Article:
Okay, one of your referring hospitals has just transferred a patient to you. They diligently filled out the transfer checklist and made sure to either push the images to your PACS system or include a CD containing the imaging that they performed. For good measure, they also included a copy of the radiology report for those images.
Now what do you do?
- Read the report and consider the results
- Look at the images yourself and make decisions
- Have your friendly neighborhood radiologist re-read the images and produce a new report
Correct answer: all of the above. But why? First, you can get a quick idea of what another professional thought about the images, which may help you think about the decisions you need to make.
And one of the few dogmas that I preach is: “read the images yourself!” You have the benefit of knowing the clinical details of your patient, which the outside radiologist did not. This may allow you to see things that they didn’t because they don’t have the same clinical suspicion. Besides, read the images often enough and you will get fairly good at it!
But why trouble your own radiologist to take a look? Isn’t it a waste of their time? Boston Children’s Hospital examined this practice in the context of taking care of pediatric trauma patients. This hospital accepts children from six hospitals in the New England states. In 2010, they made a policy change that mandated all outside images be reinterpreted once the patient arrived. They were interested in determining how often there were new or changed diagnoses, and what the clinical impact was to the patient. They focused their attention only on CT scans of the abdomen and pelvis performed at the referring hospital.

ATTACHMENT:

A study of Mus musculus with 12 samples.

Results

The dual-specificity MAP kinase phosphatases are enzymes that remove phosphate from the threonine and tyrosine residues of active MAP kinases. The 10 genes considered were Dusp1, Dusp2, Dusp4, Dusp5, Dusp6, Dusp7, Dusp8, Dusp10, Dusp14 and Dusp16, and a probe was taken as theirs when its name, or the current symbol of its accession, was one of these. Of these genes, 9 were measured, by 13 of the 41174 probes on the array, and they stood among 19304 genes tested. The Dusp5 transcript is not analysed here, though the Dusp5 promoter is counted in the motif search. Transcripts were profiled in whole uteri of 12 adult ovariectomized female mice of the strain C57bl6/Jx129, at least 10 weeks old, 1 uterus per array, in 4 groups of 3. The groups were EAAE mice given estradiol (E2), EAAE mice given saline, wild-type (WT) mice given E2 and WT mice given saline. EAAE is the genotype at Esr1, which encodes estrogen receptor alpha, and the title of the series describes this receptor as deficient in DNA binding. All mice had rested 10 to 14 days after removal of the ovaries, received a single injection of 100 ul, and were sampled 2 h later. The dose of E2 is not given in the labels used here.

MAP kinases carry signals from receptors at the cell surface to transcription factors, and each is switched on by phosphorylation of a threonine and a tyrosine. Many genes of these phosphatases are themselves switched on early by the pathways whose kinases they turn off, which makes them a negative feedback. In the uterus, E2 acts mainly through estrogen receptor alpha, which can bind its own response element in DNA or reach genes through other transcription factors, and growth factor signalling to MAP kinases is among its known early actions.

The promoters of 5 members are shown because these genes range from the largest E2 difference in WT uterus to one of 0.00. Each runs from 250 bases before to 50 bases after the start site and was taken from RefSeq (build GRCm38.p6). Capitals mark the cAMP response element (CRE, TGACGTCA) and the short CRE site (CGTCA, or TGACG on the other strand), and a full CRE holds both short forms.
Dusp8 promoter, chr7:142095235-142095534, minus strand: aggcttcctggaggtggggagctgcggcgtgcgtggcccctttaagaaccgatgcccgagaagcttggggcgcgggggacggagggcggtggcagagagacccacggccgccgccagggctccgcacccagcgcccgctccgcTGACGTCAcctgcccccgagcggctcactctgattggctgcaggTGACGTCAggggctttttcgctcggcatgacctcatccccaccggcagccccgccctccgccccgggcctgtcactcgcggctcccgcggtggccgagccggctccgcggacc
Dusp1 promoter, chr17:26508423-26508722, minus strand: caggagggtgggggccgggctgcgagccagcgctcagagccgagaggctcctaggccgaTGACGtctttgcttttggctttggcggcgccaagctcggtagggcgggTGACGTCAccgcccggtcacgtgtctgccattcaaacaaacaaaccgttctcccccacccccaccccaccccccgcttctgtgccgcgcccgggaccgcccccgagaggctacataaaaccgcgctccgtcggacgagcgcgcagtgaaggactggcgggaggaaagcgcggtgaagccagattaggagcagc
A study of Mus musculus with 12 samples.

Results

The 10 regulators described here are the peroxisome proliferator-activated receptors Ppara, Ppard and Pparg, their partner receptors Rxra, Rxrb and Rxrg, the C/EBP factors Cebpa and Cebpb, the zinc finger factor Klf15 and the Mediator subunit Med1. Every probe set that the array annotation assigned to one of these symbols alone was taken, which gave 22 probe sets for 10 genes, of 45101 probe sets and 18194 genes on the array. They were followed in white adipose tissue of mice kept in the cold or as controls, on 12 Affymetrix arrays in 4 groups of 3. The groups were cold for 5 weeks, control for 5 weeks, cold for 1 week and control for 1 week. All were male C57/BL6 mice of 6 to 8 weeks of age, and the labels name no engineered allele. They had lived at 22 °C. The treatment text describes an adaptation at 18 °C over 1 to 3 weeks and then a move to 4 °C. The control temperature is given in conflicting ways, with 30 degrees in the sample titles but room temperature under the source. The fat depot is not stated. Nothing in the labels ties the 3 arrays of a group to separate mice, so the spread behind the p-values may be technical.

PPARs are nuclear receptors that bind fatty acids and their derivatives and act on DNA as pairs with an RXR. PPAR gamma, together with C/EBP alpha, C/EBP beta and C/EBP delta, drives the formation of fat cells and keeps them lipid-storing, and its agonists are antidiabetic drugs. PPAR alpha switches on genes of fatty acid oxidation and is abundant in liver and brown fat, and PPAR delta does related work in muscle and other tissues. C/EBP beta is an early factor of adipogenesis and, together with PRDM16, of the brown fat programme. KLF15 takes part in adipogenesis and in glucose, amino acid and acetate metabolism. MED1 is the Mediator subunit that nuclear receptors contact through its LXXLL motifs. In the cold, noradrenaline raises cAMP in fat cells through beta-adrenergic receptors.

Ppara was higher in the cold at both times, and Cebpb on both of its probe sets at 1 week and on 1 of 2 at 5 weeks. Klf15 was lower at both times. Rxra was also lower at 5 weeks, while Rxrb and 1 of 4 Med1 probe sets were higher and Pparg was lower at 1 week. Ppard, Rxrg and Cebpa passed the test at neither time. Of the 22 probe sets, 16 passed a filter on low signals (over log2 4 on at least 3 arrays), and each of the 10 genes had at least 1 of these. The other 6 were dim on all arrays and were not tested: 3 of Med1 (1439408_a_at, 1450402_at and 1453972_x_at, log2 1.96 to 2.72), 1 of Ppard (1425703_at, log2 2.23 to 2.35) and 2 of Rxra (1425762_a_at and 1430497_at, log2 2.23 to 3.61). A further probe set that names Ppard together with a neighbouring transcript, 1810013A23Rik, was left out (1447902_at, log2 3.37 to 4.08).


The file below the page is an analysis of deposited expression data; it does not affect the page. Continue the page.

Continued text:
Here are the factoids:
- 168 patients were identified over a 2-year period. 70 were excluded because there was no report from the outside hospital (!), and 2 did not include the pelvis.
- Reinterpretation in 28% of studies differed from the original report (!!)
- Newly identified injuries were noted in 12 patients, and included 7 solid organ injuries, 3 fractures, an adrenal hematoma, and a bowel injury. Three solid organ injuries had been undergraded.
- Four patients with images interpreted as showing injury were re-read as normal
- Twenty of the changed interpretations would have changed management
Bottom line: Reinterpretation of images obtained at the outside hospital is essential. Although this study was couched as pediatric research, the average age was 12 with an upper limit of 17. Many were teens with adult physiology and anatomy. There will be logistical hurdles that must be addressed in order to get buy-in from your radiologists, such as how they can get paid. But the critical additional clinical information obtained may change therapy in a significant number of cases.
Reference: The value of official reinterpretation of trauma computed tomography scans from referring hospitals. J Ped Surg 51:486-489, 2016.